Habits and Your Business


Article by Kristine CareyHave you ever stopped to notice what habits you’ve gotten into, especially around work? Habits have been on my mind lately, in particular how to develop good habits. My fascination began when I read The Power of Habit by Charles Duhigg, and I recently learned more about habits when a colleague introduced me to the work of B.J. Fogg, a teacher at Stanford and an expert in business innovation and habit formation.

Habits are the backbone of daily life; the more you can put on autopilot, the more you free up brain space to do something else. And you can develop habits that support your business, as well as good health and whatever else helps you feel good in your life and business.

While both Duhigg and Fogg talk about habit formation, Fogg’s approach is super simple, which he calls Tiny Habits®. Curious, I spent last week participating in his weekly Tiny Habits event and decided to test something which has no major impact on my business; an experiment that was OK if it did or didn’t work. I used something I don’t really like doing, so it was a good test of his system: I spent the week focusing on doing my dishes (by hand, no dishwasher at my house).

Here’s how it works: Fogg asks you to find a habit that you already do without thinking, then use that as an anchor for your new habit. Right after you do your regular habit, you’ll do a micro version of the habit you’d like to establish. In my case, I chose to wash one dish after breakfast each day. I always eat breakfast, so my anchor was strong, and although it would be nice to do all the dishes in the sink, Fogg recommends keeping the micro habit so ridiculously simple it’s almost impossible not to do it. Last week feels like a blur of suds and water, as I found myself not always doing a dish right after breakfast as I’d planned; instead, I found myself randomly washing dishes during the course of the day. All in all, my dishes were cleaned more often than they were the week before, and for that I’m giving Tiny Habits the thumbs up.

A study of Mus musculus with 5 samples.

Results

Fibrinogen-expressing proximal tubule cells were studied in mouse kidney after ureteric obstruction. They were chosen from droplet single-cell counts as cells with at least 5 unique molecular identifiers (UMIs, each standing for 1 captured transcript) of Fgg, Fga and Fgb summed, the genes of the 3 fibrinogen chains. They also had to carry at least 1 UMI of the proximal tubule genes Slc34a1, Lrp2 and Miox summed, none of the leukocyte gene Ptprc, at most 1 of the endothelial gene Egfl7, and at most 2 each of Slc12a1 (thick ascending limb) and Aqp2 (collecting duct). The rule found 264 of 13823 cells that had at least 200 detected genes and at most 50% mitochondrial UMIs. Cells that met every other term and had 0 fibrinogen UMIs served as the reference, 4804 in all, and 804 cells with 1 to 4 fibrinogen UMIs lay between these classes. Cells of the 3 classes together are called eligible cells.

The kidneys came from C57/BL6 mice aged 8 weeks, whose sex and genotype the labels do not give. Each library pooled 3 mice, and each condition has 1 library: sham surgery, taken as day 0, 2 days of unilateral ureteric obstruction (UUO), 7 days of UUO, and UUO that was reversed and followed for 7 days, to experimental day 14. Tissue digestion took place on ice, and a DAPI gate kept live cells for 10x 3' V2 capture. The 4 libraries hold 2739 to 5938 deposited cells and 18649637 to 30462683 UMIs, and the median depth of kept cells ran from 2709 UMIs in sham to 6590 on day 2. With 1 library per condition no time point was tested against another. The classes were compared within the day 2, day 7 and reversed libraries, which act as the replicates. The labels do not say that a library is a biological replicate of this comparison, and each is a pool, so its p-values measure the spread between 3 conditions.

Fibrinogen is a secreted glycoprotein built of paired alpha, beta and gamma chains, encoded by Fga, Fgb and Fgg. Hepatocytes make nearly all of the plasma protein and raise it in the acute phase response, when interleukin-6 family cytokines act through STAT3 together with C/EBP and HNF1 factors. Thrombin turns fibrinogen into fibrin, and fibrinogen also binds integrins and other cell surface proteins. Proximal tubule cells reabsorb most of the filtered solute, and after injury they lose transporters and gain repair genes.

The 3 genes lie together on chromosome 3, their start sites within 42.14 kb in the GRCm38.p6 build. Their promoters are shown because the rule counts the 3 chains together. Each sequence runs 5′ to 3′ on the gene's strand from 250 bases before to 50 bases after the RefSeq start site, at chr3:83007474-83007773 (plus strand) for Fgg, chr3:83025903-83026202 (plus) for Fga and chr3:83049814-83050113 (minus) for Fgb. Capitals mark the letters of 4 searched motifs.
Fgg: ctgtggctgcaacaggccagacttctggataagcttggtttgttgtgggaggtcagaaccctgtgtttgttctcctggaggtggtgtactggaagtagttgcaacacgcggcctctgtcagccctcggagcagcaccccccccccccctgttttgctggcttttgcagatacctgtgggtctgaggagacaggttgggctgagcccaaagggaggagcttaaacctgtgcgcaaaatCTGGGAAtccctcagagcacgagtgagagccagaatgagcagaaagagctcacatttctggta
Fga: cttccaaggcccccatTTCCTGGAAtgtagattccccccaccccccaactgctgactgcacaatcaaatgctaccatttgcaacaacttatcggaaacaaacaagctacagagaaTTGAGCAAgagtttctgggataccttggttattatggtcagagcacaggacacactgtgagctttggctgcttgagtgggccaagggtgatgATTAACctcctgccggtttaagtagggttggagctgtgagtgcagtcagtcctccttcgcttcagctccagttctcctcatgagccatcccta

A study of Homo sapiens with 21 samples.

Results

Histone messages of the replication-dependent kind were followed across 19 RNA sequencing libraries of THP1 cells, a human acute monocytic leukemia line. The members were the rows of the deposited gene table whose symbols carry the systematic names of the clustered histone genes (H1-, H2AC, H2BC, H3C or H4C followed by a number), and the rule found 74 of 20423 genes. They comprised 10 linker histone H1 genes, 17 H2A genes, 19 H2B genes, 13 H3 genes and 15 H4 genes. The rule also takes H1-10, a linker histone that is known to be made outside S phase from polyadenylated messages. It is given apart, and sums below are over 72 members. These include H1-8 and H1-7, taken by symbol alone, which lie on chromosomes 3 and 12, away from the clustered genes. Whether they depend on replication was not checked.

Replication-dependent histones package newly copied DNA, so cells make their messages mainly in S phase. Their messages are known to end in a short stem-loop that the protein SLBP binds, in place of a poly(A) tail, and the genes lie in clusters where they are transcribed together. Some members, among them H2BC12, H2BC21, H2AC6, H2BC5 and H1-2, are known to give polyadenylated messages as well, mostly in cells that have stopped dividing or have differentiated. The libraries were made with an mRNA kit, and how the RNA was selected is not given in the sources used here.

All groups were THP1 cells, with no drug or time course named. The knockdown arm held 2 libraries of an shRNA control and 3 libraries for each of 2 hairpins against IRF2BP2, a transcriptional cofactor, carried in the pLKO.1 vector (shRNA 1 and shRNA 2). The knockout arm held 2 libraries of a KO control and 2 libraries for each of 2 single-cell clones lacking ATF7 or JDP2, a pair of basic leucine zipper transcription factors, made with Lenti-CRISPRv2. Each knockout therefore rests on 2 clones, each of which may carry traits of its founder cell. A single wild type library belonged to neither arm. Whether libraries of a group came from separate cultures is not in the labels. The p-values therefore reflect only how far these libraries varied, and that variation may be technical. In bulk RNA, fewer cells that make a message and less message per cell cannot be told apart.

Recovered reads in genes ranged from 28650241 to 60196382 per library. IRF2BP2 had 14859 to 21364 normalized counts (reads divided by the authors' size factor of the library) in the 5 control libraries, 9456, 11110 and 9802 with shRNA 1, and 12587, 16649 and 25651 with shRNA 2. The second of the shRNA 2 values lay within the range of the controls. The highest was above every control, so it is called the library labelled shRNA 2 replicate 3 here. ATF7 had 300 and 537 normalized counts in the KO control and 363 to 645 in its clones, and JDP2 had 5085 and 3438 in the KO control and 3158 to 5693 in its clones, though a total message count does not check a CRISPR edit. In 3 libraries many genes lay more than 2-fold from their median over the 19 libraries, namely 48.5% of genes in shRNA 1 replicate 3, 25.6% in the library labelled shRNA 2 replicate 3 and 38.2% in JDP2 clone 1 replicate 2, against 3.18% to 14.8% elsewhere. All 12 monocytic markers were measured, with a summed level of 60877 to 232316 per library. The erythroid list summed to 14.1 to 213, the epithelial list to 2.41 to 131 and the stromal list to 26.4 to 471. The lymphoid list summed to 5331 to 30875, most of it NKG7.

Why am I sharing all this with you? Because while I’ve always known that habits are powerful, I’m even more aware now how much they can either be helpful, or impede progress. Understanding the habit mechanism, which Duhigg explains well, then adding in a level of uber-simplicity, which Fogg does well, makes it even more possible to create habits that support you in your business goals. Here are a few examples of habits that could be useful for your business:

  • Having a set time to return calls and emails each day.
  • Having a regular set of marketing activities designed to keep your pipeline full and your follow-up on track.
  • Taking one afternoon each week to brainstorm and create a new offering in your business.
  • Taking one afternoon a week to go play and refill your creative well.

Each week, experiment with different ways of approaching a task so that it gets done more easily; pick a different approach until you hit on a way that feels like the right one.

Now that you’ve started to reflect on this, what habits do you have that support your business? What habits would you like to develop that could make work easier? Take five minutes to run through your day and week and jot down the habits that currently work for you, then list a few you’d like to develop. Put your list on your bulletin board and prepare to run an experiment this week. Read The Power of Habit for background if you’d like, or cut right to Tiny Habits and get going immediately. And good luck as you start developing your new habits!